Happy February, everyone! There’s no time like the present to start planning that family camping trip this summer.
- Start planning your trip before the campgrounds open for the season. Meet with the family to get everyone’s input. Decide the type of camping experience your family wants.
Remember finances. A good reason to camp is because it’s an economical way to travel. The cost of campgrounds is determined by the number in your party and the amenities available. Commercial campgrounds have all the amenities: electricity, water, and sewerage hookups, playground, pool, arts and crafts, activities, game room, bath houses, and store. They cost more than the primitive campsites with no hookups or amenities.
Consider everyone’s abilities at this stage of your planning. Don’t forget to include the ability to travel for long distances in a car/van. Remember that everything takes longer when camping: set-up, meals, cleanup.
2. Gather details about things to do in the areas or parks you plan to visit. Plan events that everyone can do. National parks, and some state parks, have ranger stations and give tours and talks about nature.
Can everyone hike, raft, or horseback ride? Are there town festivals and amusement parks nearby? Gather brochures and tour books from travel clubs. Check websites.
Don’t forget to factor in driving distances and travel times. Time zones or ferry schedules need to be considered in addition to the amount of driving time per day if you have long distances to cover.
Rest stops are crucial for tired drivers, children who need to use the restroom, or having an unhurried picnic lunch. It’s a vacation, and vacations need to be somewhat restful for all involved.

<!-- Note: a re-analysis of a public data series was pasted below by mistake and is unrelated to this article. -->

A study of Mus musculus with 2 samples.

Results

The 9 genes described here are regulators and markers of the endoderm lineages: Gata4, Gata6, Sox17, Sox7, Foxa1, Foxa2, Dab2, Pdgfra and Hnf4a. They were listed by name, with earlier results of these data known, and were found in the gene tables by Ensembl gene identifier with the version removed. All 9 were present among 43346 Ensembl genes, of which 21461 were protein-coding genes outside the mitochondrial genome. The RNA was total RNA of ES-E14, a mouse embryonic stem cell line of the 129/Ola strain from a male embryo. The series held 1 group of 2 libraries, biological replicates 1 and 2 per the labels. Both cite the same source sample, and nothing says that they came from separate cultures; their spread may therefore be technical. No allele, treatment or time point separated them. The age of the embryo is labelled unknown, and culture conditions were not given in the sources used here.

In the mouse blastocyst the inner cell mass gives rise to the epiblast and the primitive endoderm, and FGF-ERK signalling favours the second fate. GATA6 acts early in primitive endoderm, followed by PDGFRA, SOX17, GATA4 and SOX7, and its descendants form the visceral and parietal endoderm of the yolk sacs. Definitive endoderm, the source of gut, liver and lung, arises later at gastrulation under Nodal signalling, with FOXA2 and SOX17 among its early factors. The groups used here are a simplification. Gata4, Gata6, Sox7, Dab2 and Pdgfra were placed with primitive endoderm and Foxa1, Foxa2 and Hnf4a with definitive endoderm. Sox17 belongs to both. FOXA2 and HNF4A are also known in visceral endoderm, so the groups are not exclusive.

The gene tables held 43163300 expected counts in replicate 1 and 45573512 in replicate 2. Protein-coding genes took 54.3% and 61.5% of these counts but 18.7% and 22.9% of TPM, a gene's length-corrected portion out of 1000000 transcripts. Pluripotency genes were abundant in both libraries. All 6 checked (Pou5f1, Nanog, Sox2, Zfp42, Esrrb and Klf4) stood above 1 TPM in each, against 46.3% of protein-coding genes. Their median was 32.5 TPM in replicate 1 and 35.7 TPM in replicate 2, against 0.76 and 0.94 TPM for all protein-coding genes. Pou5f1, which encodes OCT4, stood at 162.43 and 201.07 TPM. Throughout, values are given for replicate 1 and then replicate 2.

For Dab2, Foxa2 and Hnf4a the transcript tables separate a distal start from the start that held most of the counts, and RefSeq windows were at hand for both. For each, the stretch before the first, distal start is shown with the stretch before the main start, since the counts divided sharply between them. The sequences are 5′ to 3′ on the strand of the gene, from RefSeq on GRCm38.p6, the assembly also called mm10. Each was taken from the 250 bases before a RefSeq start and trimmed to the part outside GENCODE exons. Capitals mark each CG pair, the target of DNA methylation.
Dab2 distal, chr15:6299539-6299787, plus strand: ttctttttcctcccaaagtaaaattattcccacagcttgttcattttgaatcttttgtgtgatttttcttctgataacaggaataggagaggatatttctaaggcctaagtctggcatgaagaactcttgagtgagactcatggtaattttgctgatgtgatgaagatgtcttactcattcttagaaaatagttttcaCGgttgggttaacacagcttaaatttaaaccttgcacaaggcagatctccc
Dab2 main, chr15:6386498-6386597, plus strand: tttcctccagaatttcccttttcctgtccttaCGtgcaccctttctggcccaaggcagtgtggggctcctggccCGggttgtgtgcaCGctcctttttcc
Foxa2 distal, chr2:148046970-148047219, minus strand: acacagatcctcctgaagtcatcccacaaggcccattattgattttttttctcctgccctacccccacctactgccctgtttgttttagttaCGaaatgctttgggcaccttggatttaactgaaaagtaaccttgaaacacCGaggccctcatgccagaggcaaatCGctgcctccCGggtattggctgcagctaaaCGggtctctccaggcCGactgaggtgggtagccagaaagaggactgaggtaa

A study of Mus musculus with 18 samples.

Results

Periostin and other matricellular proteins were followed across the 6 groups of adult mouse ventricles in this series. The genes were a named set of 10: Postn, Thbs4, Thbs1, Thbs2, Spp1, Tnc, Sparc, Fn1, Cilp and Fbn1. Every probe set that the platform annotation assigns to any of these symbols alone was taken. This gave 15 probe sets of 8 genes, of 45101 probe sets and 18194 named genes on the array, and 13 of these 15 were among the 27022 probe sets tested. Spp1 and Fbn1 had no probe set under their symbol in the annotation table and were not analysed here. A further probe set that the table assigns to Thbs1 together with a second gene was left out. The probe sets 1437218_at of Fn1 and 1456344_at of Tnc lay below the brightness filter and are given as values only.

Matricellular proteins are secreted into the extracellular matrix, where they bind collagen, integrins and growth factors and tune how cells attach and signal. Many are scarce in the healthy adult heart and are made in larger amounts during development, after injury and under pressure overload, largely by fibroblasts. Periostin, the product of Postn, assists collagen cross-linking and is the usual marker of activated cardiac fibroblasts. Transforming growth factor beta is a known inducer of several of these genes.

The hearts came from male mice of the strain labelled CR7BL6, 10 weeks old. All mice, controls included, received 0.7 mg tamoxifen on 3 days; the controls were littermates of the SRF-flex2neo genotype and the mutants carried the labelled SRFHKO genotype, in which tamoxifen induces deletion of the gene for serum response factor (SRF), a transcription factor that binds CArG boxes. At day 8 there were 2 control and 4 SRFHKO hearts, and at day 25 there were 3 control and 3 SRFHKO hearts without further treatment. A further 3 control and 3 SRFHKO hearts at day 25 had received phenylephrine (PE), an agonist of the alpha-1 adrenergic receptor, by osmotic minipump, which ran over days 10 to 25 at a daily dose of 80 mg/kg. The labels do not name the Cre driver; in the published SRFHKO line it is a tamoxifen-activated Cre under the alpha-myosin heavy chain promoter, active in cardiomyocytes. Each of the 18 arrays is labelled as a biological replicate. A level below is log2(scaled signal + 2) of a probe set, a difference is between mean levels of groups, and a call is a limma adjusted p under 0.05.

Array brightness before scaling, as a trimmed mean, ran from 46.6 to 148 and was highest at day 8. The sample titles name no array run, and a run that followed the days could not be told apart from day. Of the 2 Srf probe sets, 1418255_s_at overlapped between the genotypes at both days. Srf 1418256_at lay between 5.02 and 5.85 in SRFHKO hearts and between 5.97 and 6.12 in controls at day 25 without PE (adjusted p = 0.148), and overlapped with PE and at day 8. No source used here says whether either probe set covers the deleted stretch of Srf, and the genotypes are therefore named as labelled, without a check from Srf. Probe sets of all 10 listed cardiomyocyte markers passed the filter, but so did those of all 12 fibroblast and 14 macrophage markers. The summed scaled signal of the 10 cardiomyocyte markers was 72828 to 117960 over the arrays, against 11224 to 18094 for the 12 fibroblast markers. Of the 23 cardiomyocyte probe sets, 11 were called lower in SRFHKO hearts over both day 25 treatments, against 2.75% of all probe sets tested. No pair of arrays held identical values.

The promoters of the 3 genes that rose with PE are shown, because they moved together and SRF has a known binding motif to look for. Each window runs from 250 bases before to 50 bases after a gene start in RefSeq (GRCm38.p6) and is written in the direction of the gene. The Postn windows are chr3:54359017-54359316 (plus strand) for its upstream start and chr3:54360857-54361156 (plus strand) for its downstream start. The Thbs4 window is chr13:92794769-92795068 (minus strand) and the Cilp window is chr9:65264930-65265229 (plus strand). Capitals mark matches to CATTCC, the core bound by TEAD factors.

3. Check your camping equipment. Start with your travel vehicle. It needs to be in good working order. Have a mechanic look it over. Oil change, tune-up, fluids check, sensors [oxygen or engine coolant temperature], exhaust system, air conditioning. New tires aren’t a bad idea if you plan any far distances.
What you bring with you on your camping trip depends on where you stay and what you camp in. Primitive or commercial campgrounds. Tent, trailer, camper, or cabin. If there is no barbeque grill or fire ring available at the campsite, you’ll need something to cook on.
We use a Coleman camp stove that uses propane. Propane is available at campground stores. Wood is available as well at the camp stores for campfires. Bring cooking pots and utensils. We refrain from using disposable cups, plates, and plasticware to help the environment. Then pack appropriate bedding and towels, in addition to personal items.
4. Begin reserving your campground site(s) once you have a vacation plan and the dates for the trip. If you are camping in several places during your vacation, remember to consider the time needed to break camp and travel to your next campground.
Alert your next campground of your possible arrival time so they hold your campsite for you, especially if you’ll be getting in late. This is important when you plan to camp in popular vacation areas. They fill up quickly.
5. Packing: Get everyone involved to build family excitement. Make check lists for kitchen, bedding, clothing, food, and toiletry. Don’t forget the bug spray, sun screen, hats, and raincoats. Load the vehicle and/or camper prior to the day of departure, except for perishables. Bring any reservation material you may have, a global positioning device [GPS], and maps. Always bring current maps of the areas you will be driving through or staying in.
It sounds like a lot to do for a family camping vacation, but it’s well worth it. Plan those precious memories that fill a scrapbook and last a lifetime. Good luck! And enjoy your family camping experience.